An Intro to Italian Coffee Culture

An Intro to Italian Coffee Culture

Italian Coffee Culture

Coffee is a large and exciting part of Italian culture. Espresso, which originated in Italy, is the heart behind Italian coffee. Each of Italy’s 20 regions has its own unique coffee culture, and there are many regional caffè variations. More on that in another blog.

Coffee culture in Italy differs from the United States, where coffee is used like a hammer to wake people up, or often as sweetened drink with whip cream on top, etc.

Italian coffee habits & culture is intertwined in people’s everyday life. It’s an inexpensive habitual moment of enjoyment and relaxation, often done multiple times a day.

There are many coffee drinks Italians love, but Espresso and Cappuccino are the two main dramatis personae in Italian coffee culture.

In Italy, coffee is normally enjoyed at the bar, or al banco, with friends and co-workers.

At practically any coffee bar, 1 Euro, can get you a small cup of espresso, with a thick coffee oil slick on the top, and robust liquid on the bottom. Add some sugar or a dash of milk or cream like the locals, and you’re in pure coffee heaven. The latter with cream or milk is usually called an Espresso Con Pana and Caffè Macchiato.

Arguably the second most famous Italian coffee, behind Espresso, is the Cappuccino.

Italian cup sizes are smaller than American sizing. And for 1-2 Euros most anywhere, you can get a great Cappuccino. Inside a standard size cappuccino cup, Italian baristas put espresso in first, then add steamed milk. Finally, they add sweet milk foam on the top. Delizioso!

People drink Espresso throughout the day and drink Cappuccino mainly for breakfast. Italians don’t drink cappuccinos after 11 am. Italian breakfasts are often a pastry or croissant, bread & jam, perhaps some ham, or cereal & milk, etc. Therefore, the large amount of milk in the cappuccino plus everything else is a meal in itself. In Italy, Cappuccino in the morning, never in the afternoon, and definitely not after a meal!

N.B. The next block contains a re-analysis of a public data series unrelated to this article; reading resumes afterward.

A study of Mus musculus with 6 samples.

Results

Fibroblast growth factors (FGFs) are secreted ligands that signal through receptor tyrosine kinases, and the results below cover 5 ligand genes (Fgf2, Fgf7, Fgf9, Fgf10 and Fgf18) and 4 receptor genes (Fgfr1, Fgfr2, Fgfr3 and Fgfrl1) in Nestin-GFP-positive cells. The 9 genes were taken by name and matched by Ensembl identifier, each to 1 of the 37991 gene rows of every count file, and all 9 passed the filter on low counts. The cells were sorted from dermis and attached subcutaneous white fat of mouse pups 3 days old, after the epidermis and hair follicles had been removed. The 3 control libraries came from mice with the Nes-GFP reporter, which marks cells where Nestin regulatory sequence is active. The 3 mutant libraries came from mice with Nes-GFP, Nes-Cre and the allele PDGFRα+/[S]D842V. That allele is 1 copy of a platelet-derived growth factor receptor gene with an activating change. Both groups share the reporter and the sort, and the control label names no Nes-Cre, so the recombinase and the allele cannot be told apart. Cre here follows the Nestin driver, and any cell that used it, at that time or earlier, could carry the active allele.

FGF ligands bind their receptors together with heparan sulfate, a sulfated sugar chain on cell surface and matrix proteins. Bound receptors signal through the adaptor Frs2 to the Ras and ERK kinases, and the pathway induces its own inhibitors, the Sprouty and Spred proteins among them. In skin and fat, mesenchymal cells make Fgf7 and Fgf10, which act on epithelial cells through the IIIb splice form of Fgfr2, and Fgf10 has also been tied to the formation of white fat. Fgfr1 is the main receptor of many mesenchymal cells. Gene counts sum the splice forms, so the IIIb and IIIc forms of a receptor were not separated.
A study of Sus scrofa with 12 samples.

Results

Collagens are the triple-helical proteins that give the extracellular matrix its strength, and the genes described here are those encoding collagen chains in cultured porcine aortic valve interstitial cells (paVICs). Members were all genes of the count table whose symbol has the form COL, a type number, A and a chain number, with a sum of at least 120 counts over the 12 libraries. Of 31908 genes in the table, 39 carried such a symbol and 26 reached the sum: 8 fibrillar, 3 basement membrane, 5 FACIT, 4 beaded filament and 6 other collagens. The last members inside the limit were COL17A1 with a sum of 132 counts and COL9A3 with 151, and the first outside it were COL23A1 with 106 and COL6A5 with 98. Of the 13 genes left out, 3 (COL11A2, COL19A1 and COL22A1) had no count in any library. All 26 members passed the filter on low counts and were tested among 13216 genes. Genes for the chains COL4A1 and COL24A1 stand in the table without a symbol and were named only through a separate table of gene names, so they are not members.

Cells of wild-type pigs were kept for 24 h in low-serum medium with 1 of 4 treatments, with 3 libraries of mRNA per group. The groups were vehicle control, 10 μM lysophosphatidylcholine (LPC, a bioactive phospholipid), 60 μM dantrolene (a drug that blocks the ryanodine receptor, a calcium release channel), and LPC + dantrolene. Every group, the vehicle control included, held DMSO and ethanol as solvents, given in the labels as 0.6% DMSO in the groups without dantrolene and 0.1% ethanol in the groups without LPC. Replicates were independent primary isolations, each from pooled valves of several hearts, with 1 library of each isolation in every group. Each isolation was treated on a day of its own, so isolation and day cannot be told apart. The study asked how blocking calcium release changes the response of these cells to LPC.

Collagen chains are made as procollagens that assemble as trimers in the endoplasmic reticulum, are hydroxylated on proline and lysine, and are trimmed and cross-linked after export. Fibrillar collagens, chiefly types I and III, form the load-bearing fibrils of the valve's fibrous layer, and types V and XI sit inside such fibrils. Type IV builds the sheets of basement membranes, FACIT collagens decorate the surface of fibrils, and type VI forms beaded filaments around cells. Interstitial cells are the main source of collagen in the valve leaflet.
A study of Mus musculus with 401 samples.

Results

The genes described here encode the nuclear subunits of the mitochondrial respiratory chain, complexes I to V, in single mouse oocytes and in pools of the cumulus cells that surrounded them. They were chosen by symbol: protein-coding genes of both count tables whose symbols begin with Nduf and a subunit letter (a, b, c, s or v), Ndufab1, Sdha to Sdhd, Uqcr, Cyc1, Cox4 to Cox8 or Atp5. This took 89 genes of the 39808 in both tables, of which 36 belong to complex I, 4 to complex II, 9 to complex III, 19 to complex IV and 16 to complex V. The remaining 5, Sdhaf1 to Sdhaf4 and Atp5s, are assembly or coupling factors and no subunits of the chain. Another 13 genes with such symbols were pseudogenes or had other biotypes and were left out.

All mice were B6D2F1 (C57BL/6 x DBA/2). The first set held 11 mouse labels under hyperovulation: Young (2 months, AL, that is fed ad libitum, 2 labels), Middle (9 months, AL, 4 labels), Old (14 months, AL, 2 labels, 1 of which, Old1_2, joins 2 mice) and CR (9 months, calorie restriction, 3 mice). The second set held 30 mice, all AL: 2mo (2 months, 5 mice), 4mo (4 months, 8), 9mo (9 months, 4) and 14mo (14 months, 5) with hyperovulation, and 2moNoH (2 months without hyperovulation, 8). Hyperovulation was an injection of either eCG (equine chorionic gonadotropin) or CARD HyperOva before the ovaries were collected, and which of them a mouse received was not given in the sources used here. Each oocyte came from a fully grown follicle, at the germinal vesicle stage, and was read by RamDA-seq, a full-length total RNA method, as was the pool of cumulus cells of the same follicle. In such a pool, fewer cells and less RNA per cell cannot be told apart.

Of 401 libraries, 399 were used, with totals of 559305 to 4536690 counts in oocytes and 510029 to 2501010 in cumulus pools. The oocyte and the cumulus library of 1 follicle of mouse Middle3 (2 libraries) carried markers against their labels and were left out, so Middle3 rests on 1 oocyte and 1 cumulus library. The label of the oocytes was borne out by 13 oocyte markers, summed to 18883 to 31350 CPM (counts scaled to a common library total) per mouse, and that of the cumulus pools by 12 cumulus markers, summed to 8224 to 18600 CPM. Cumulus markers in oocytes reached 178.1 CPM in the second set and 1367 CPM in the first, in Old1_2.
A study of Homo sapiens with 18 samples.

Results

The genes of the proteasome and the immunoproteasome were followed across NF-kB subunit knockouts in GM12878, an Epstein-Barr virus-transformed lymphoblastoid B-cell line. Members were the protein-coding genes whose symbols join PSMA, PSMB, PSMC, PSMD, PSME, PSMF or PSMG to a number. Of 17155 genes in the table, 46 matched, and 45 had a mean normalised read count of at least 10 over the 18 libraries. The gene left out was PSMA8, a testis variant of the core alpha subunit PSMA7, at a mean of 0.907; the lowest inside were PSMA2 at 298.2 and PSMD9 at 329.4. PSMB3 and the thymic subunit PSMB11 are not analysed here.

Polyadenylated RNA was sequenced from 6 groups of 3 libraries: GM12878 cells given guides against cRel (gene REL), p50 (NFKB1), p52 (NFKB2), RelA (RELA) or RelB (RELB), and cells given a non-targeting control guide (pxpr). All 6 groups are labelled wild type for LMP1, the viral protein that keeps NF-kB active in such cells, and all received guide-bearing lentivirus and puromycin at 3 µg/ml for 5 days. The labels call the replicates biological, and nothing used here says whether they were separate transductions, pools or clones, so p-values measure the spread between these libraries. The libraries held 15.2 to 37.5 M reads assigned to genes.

Italians drink their caffè rather quickly. They often prefer a quickie in a coffee bar, for a morning or afternoon pick me up. Head inside, stand at the bar, ask for a coffee, drink up, lay a Euro down, and they’re gone.

Also worth noting, drinking at the bar and sitting down could generate different prices. The reason is that most every city in Italy has city tax, so if you sit down in the bar, they use a tiny part of the city resources, and that generates a tiny city tax, which is added to the price of coffee. 

Since the Italian coffee experience is designed to be enjoyed socially and in small cups, to-go cups are almost nonexistent in Italy (but gaining a bit as Starbucks, et al open some big city shops).      

In the summertime, Italians also enjoy cold coffee drink options. One of the most common drinks is Iced Espresso. Also, Cold Cappuccino, which is cold milk into espresso, or a Caffè Shakerato (Italian-Style Shaken Iced Coffee) are popular.

There you have it - An introduction into Italian coffee culture. Enjoy your next cup of Saravella like a true Italian. Ciao!